MOSUL, Iraq: Iraq declared the Islamic State group’s “caliphate” was coming to an end after it recaptured Mosul’s iconic Nuri mosque Thursday (Friday in Manila), three years to the day after it was proclaimed by the jihadists.
The jihadist group announced its self-styled “caliphate” on June 29, 2014, encompassing swathes of territory its fighters overran in Iraq and neighboring Syria.
Its rule since then has been marked by repeated atrocities including mass beheadings and other executions documented in photos and videos that its supporters share online.
“Counter-Terrorism Service forces control the Nuri mosque and Al-Hadba (minaret),” said Iraq’s Joint Operations Command.
Prime Minister Haider al-Abadi hailed the recapture of the mosque as a sign of IS’s impending defeat.
“We are seeing the end of the fake Daesh state,” Abadi said in an English statement on his Twitter account, using an Arabic acronym for IS.
The US-led anti-IS coalition also said the end was near.
“I can’t put a timeline on that for them, but I see it closer to days than a week or weeks,” coalition spokesman Colonel Ryan Dillon said, referring to an announcement of Mosul’s recapture.
“The Old City remains a difficult, dense, suffocating fight,” Dillon said of the area of Mosul where the Nuri mosque is located.
But he praised the Iraqi forces’s “grit and determination” and said coalition support would help bring “an imminent liberation.”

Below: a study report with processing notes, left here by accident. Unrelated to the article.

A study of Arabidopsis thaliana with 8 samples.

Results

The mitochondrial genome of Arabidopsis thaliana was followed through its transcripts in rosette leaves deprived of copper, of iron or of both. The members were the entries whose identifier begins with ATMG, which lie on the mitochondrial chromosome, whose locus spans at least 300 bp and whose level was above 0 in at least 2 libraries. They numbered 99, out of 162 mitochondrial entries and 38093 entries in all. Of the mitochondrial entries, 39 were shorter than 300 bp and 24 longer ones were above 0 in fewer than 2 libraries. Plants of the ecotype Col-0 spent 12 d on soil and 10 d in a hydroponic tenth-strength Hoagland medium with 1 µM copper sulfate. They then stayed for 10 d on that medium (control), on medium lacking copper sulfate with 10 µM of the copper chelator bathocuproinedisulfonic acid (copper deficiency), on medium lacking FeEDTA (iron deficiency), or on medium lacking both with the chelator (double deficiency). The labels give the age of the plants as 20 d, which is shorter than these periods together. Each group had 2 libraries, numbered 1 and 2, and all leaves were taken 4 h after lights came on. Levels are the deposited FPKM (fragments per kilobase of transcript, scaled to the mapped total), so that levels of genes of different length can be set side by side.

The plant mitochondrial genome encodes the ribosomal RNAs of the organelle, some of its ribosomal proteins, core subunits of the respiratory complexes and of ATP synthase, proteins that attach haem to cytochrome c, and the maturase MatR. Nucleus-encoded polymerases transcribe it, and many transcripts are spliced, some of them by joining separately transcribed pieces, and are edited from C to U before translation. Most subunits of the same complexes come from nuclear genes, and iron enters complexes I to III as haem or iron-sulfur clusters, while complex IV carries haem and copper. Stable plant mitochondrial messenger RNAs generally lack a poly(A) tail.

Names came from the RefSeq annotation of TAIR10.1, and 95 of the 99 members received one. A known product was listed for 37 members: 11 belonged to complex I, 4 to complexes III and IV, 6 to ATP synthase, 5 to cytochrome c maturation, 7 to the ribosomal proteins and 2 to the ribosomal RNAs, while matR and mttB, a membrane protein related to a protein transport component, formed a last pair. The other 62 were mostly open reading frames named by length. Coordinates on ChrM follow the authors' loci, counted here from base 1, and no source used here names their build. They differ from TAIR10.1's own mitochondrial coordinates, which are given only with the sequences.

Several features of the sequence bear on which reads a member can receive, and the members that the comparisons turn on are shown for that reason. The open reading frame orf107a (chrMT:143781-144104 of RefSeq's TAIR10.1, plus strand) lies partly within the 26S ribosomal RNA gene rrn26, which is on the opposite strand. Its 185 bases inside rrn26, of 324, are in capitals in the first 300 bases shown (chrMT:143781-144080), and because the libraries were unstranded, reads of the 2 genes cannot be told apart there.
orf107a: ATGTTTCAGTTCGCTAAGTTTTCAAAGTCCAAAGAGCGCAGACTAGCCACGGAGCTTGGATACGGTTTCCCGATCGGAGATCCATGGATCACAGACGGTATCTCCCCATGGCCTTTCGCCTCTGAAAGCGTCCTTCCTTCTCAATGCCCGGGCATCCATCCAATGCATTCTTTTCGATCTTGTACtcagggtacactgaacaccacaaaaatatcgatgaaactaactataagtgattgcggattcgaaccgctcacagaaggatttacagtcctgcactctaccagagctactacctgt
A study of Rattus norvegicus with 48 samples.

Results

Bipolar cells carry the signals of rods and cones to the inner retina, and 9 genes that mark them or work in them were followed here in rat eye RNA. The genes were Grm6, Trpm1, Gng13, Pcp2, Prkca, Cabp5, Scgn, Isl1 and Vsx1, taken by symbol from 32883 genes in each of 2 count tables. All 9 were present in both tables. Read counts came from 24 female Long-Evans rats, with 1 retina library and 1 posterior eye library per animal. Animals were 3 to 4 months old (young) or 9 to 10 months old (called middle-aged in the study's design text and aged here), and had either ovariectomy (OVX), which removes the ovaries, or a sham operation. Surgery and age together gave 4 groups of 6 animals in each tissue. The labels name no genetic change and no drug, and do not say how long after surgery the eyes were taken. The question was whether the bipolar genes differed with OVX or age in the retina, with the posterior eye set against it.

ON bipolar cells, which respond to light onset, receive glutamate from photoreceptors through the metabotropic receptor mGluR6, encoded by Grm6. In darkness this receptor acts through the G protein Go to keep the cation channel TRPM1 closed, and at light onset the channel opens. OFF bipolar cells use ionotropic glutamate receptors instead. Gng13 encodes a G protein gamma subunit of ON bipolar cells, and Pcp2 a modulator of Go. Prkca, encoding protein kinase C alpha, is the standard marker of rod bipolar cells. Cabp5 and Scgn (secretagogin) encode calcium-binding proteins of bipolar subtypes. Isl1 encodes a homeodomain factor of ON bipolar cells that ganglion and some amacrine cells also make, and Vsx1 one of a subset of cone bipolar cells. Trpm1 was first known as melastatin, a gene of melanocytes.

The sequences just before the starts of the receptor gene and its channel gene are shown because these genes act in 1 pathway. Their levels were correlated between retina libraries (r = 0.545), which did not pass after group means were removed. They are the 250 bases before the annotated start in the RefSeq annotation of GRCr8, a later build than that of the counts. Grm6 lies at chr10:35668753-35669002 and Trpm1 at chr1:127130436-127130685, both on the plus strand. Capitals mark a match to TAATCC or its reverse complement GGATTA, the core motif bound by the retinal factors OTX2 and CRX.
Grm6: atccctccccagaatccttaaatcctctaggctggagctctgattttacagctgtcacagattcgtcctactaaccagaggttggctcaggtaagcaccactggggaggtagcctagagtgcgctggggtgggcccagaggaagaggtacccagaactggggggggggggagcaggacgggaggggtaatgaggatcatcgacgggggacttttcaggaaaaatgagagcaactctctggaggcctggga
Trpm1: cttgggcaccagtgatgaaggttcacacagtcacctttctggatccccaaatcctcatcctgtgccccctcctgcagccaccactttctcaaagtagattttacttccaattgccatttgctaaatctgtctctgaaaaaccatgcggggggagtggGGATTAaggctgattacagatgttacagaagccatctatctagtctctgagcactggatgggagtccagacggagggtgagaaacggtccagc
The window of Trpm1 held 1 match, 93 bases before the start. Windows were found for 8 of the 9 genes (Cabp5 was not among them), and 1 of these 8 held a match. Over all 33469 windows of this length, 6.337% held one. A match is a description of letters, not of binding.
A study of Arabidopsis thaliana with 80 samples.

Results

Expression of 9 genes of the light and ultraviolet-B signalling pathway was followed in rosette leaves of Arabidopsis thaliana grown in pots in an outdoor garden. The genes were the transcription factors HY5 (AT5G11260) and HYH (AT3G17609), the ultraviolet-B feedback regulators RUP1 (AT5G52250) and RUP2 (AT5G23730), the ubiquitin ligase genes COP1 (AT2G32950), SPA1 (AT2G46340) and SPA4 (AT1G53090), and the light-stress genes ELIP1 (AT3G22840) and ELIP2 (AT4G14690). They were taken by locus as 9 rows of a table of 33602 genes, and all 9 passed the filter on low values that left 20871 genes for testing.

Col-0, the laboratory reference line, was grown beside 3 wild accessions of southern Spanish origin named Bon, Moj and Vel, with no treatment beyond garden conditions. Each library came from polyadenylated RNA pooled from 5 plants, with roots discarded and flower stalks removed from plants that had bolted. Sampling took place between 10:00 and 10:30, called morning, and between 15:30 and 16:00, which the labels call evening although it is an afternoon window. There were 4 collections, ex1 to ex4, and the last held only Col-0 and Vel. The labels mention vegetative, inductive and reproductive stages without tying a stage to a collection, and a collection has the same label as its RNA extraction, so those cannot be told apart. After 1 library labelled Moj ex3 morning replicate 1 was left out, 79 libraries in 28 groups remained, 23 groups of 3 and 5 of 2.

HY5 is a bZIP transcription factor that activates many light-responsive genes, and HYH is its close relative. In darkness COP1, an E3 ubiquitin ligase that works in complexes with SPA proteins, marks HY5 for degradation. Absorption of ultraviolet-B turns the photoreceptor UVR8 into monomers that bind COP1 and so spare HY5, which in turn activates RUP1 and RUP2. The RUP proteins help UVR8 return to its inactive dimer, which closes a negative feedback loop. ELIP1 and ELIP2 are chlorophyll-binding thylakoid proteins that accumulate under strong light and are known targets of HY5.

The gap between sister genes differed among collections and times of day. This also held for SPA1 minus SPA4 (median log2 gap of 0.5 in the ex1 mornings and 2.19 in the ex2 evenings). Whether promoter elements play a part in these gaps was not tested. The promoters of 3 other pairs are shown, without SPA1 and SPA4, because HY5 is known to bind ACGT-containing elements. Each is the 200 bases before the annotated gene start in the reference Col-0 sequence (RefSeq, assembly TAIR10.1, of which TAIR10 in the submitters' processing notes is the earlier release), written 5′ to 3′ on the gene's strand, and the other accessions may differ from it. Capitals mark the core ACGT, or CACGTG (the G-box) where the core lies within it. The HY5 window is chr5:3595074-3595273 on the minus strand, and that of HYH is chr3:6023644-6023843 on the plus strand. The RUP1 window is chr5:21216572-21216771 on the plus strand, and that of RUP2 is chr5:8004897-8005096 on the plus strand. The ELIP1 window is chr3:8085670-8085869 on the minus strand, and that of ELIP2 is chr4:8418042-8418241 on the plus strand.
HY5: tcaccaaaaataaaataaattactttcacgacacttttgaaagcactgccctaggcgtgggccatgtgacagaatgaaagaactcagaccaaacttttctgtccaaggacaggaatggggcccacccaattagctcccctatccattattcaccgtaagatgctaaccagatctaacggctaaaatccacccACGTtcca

The Great Mosque of Al-Nuri and its famed Al-Hadba (hunchback) leaning minaret were Mosul landmarks and also held major significance in the history of IS in Iraq.
IS declared its “caliphate” in an audio recording three years ago.
A video released a few days later showed IS chief Abu Bakr al-Baghdadi speaking at Friday prayers at the Nuri mosque and calling on Muslims to obey him, his only known public appearance as “caliph.”
Baghdadi fate unknown
Baghdadi’s fate and whereabouts remain unknown, and IS has lost much of the territory it overran in 2014.
The jihadists blew up the mosque and minaret on June 21 as they put up increasingly desperate resistance to the advance of Iraqi forces.
Only the base of the minaret remains, and while the mosque’s dome is still standing, much of the rest of it has been destroyed.
The loss of the iconic 12th century minaret—one of the country’s most recognizable monuments sometimes referred to as Iraq’s Tower of Pisa—left the country in shock.
But the destruction had been widely anticipated, with commanders saying IS would not have allowed Iraqi forces to score a hugely symbolic victory by recapturing the site.
IS claimed on its Amaq propaganda agency that the site was hit in a US air strike, but the US-led coalition said it was the jihadists who had “destroyed one of Mosul and Iraq’s great treasures.”
Russia has said it is seeking to verify whether the IS leader, whose whereabouts have been unknown for months, was killed when its warplanes hit the group’s leaders in a night air raid in Syria last month.